Founding Partner The Ohio State University

Founded in 1870, The Ohio State University is one of the world’s most comprehensive public research universities. Consistently recognized by U.S. News & World Report as one of the nation’s top 20 public universities, Ohio State is a research powerhouse, with a wide-ranging network of expertise on a single campus. The Columbus campus is home to more than 300 collaborative research centers and 15 colleges, including seven in the health sciences and colleges of agriculture and engineering.

The breadth, depth and excellence of our interdisciplinary research programs make Ohio State a leading force of innovation and change – locally, nationally and globally. With nearly a billion dollars in research expenditures annually, the university is a world-class innovator in critical areas such as climate change, cancer, infectious diseases, advanced materials and ag-bio products.

In Ohio, more than 64,000 students, from all 50 states and 110 countries, pursue their personal career aspirations at our five campuses. Ohio State’s Alumni Association is one of the oldest in the nation, with more than 500,000 alumni living around the world. Three Global Gateway campuses—in China, Brazil and India—make Ohio State a truly international university.


The Pentagon at sunrise. REUTERS/Gary Cameron

Has the American military fallen behind?

Trump and Cruz certainly think so. Clinton promises to maintain the "strongest military the world has ever known." An OSU professor examines the issue through three different lens.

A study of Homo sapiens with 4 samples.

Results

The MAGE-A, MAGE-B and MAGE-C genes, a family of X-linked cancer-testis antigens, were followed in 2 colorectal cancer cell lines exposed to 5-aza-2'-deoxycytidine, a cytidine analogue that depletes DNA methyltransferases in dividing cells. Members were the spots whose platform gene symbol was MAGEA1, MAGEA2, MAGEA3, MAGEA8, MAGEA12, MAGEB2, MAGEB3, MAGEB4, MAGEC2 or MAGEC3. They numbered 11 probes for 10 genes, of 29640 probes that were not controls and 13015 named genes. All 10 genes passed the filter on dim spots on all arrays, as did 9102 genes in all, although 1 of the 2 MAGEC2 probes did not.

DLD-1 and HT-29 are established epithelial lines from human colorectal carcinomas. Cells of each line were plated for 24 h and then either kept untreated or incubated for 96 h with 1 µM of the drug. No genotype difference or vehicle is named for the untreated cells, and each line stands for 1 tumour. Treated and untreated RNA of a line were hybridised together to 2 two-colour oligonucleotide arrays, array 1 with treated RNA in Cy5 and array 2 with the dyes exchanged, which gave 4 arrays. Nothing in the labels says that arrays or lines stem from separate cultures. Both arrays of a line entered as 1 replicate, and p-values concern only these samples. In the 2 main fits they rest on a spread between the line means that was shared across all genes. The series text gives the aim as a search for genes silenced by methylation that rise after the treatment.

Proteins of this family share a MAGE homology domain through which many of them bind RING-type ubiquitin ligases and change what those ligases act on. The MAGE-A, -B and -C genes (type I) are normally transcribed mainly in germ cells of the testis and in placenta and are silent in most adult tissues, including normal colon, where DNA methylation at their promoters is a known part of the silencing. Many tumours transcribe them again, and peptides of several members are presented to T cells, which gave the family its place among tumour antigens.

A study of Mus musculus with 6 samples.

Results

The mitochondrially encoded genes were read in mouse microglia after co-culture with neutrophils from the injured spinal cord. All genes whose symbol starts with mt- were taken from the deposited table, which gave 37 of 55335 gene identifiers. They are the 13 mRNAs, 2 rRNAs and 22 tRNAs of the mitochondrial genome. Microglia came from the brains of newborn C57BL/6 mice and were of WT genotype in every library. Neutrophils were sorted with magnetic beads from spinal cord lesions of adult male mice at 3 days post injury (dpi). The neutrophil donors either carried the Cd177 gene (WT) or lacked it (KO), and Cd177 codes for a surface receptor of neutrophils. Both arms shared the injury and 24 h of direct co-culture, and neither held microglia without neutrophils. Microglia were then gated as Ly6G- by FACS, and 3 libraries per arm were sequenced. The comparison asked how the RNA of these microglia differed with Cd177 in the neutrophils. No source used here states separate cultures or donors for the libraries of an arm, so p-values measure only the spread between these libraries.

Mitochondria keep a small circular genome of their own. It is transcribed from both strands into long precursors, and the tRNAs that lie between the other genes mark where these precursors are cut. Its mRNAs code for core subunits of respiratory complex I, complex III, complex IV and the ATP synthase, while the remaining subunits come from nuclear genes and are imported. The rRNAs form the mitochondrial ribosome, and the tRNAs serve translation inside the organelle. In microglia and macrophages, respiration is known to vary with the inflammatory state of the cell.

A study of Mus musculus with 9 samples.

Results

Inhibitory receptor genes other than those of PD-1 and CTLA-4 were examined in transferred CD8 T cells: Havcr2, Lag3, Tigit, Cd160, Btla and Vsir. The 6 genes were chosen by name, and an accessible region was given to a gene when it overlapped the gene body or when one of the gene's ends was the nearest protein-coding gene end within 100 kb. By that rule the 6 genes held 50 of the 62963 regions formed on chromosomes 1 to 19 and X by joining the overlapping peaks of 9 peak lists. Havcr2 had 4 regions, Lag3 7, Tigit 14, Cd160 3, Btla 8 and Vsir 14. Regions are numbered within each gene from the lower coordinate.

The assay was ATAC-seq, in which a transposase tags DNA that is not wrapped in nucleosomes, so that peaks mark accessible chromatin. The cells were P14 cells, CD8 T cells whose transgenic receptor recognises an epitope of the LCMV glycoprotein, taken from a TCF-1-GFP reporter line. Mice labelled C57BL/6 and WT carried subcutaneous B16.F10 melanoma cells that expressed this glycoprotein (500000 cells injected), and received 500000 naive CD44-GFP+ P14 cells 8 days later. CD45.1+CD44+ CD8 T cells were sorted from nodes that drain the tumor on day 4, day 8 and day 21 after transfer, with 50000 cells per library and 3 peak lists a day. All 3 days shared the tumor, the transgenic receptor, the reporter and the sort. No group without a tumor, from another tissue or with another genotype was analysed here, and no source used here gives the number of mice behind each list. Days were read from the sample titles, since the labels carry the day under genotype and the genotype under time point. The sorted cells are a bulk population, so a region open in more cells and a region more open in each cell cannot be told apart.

Where in the world do you put 4.8 million displaced people? Muhammad Hamed/Reuters

Where have 4.8 million Syrian refugees gone?

As part of a collaboration between The Conversation and PBS's Point Taken, a professor from The Ohio State University examines some common misconceptions about Syrian refugees.
Brazil is reeling from the political corruption scandal involving former President Luiz Inacio Lula da Silva (pictured on the fake bills) and members of the current government. Reuters

From Panama papers to Brazilian bribes: why corruption is so costly

The headlines are full of stories of corruption and mega scandals, but what does it mean for the rest of us? And what makes the economic cost of corruption so high?
Syrian refugee Dania poses at the Sacramento, California apartment complex she lives in. REUTERS/Max Whittaker

Syrian refugees next door?

A majority of U.S. citizen oppose Syrian refugee resettlement. We run the numbers to put the perceived risk in perspective.
Who are you calling dumb? Blonde thinking via www.shutterstock.com

Are blondes actually dumb?

The stereotype that blondes lack intelligence has been around for a long time, but research suggests this ill-conceived notion doesn't match the facts.
The surprise Republican candidate in 1940: Wendell Willkie. Library of Congress

The last time an outsider like Trump crashed the GOP? 1940

He was a former Democrat, a business tycoon and a media star. The story of Wendell Willkie, the Republicans' surprise candidate in the 1940 election and how he disrupted the GOP.
Opposing a candidate is more confidence-building, and action-driving, than supporting one. Elvert Barnes/Flickr

Voters who oppose politicians are the most active

Opposition inspires more confidence in one's position than support and also helps to turn judgments into actions. This helps explain why attack ads are a crucial tool in politicians' arsenals.
Rumors abounded in the days after the death of Supreme Court Justice Antonin Scalia. Nick Lehr/The Conversation

Making sense of the Scalia conspiracy theory

How do rational people get sucked into believing conspiracies? According to research, we're more susceptible than you'd think.